1. Guozheng Wang1,
  2. Yasir Alhamdi2,
  3. Cheng-Hock Toh2
  1. 1Sepsis Research Group, Institute of Infection and Global Health, University of Liverpool, Liverpool, L69 7ZB
  2. 2University of Liverpool


Cardiac injury, pore-forming toxins, calcium influx

Cardiac muscles and conduction system are very sensitive to interruption of plasma membrane integrity due to uncontrollable ion diffusion. There are many types of toxins that could bind to cell membrane and form pores to allow ion diffusion cross the membrane. However, the effects and underlying mechanisms of those pore-forming toxins on cardiac functions have not been systemically investigated.

In this work, we investigated the effects of extracellular histones (endogenous) and pneumolysin (exogenous) on cardiomyocytes and underlying molecular mechanisms using cultured cardiomyocytes and mouse models. We found that both toxins could bind to cardiomyocyte membrane and caused large inward currents which altered membrane potentials. This led arrhythmia of cultured cardiomyocytes and mice infused with isolated toxins. In addition, circulating troponins, a marker of cardiac injury, were significantly elevated and the contractile performance of cardiomyocytes was also reduced.

Further investigation, we found that the uncontrollable calcium influx mainly increased diastolic intracellular calcium concentration and resulted in calcium transient reduction. However, the calcium-dependent protein kinase C, particularly PKC±, was significantly activated by calcium influx. Consequently, the phosphorylation of Troponin I was enhanced, which is known to correlate to contractile reduction. In addition, the phosphorylation levels of P38 and JNK kinases, and endoplasmic reticulum (ER) stress levels were also increased. Those changes may contribute to the suppression of cardiomyocyte contractility too.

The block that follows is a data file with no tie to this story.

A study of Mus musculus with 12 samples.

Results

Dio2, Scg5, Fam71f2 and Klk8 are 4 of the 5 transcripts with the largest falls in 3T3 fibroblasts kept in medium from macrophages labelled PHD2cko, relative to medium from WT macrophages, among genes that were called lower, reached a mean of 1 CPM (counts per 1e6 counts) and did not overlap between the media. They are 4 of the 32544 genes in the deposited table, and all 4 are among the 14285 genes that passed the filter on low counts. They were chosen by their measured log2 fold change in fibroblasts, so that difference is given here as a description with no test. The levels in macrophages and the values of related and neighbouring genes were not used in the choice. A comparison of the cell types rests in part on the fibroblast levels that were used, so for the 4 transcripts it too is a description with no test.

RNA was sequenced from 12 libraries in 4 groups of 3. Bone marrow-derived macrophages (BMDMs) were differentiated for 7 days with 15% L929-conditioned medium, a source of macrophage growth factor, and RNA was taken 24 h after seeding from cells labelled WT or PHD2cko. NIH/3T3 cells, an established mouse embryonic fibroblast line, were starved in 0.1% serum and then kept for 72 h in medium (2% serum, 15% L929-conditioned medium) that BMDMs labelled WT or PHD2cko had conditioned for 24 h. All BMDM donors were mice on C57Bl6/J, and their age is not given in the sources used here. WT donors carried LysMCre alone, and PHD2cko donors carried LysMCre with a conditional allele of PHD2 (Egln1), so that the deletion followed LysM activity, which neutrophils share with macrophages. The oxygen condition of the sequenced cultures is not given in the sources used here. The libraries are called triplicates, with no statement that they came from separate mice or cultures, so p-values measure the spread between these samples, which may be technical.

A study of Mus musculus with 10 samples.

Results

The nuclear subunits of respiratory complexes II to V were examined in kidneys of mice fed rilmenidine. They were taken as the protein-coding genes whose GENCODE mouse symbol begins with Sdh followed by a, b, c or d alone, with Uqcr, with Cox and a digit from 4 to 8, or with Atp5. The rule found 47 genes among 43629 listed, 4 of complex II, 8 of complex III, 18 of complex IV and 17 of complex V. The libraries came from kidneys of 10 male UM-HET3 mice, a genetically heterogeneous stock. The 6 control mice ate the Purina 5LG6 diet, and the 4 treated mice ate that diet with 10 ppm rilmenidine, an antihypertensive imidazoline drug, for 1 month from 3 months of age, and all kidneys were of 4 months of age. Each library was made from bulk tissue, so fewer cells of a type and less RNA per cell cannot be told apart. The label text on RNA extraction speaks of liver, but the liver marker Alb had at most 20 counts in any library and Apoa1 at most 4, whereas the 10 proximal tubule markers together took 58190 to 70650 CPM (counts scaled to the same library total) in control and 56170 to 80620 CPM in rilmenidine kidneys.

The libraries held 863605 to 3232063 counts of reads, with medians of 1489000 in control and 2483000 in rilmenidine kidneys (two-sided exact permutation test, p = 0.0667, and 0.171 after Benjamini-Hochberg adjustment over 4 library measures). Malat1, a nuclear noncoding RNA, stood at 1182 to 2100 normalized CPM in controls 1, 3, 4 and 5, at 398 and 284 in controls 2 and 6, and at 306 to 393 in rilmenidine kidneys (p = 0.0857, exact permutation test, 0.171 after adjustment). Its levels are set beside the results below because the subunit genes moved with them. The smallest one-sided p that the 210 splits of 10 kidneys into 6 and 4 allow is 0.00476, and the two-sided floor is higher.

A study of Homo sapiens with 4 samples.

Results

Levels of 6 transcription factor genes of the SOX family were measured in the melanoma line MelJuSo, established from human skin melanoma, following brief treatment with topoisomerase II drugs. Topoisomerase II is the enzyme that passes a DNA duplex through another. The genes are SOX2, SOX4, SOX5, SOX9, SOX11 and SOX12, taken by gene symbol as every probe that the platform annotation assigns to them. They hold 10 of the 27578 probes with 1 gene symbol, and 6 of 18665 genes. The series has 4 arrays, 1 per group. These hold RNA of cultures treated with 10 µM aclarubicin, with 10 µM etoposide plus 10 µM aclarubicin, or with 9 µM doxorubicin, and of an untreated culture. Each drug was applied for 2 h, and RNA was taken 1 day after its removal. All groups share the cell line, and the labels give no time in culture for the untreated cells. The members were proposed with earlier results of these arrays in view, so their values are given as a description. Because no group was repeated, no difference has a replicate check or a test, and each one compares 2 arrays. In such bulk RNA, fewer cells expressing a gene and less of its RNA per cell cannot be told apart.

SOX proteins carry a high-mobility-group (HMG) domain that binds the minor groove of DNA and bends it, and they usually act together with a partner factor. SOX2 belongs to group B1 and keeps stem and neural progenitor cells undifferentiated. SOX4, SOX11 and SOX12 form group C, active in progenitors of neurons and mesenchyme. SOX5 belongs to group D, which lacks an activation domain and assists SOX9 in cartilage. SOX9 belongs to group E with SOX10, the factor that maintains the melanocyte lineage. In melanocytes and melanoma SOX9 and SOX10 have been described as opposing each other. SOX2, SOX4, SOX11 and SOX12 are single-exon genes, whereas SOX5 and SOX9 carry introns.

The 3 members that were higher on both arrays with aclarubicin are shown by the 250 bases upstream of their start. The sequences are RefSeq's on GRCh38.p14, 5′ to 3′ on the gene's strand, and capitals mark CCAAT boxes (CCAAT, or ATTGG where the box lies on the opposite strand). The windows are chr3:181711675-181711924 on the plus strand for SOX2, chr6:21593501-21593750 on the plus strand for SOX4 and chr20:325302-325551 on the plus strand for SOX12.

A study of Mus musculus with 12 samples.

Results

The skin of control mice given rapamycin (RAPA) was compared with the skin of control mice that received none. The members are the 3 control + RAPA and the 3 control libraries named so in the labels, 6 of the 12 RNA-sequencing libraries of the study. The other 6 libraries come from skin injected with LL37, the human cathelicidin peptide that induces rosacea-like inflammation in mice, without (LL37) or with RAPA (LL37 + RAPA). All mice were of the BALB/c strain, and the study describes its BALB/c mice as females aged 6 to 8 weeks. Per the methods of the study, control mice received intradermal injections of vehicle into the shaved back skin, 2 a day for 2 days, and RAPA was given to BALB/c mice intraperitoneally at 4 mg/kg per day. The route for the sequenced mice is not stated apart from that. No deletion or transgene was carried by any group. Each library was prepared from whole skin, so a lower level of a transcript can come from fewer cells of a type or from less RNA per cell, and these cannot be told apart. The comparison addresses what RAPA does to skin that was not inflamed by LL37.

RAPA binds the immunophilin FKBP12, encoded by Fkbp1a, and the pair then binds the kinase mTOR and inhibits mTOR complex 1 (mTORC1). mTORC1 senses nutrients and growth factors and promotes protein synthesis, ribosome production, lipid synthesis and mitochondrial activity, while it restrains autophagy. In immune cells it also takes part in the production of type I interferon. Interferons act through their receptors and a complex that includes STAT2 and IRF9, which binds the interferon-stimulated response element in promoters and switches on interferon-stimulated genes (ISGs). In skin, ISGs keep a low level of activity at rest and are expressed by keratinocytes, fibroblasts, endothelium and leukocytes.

In conclusion, the endogenous pore-forming toxins, such as circulating histones released after extensive tissue injury, and exogenous pore-forming toxins released during bacterial infection, may play important roles in the development of cardiac complications in many types of critical illnesses. In certain scenario, such as sepsis, both endogenous and exogenous toxins may synergistically harm the heart and cause severe complications to lead to early death of patients. Therefore more intensive investigation should be carried out to clarify their effects in patients as well as their molecular mechanisms in order to develop effective tools to diagnose, prevent and treat those cardiac complications induced by pore-forming toxins.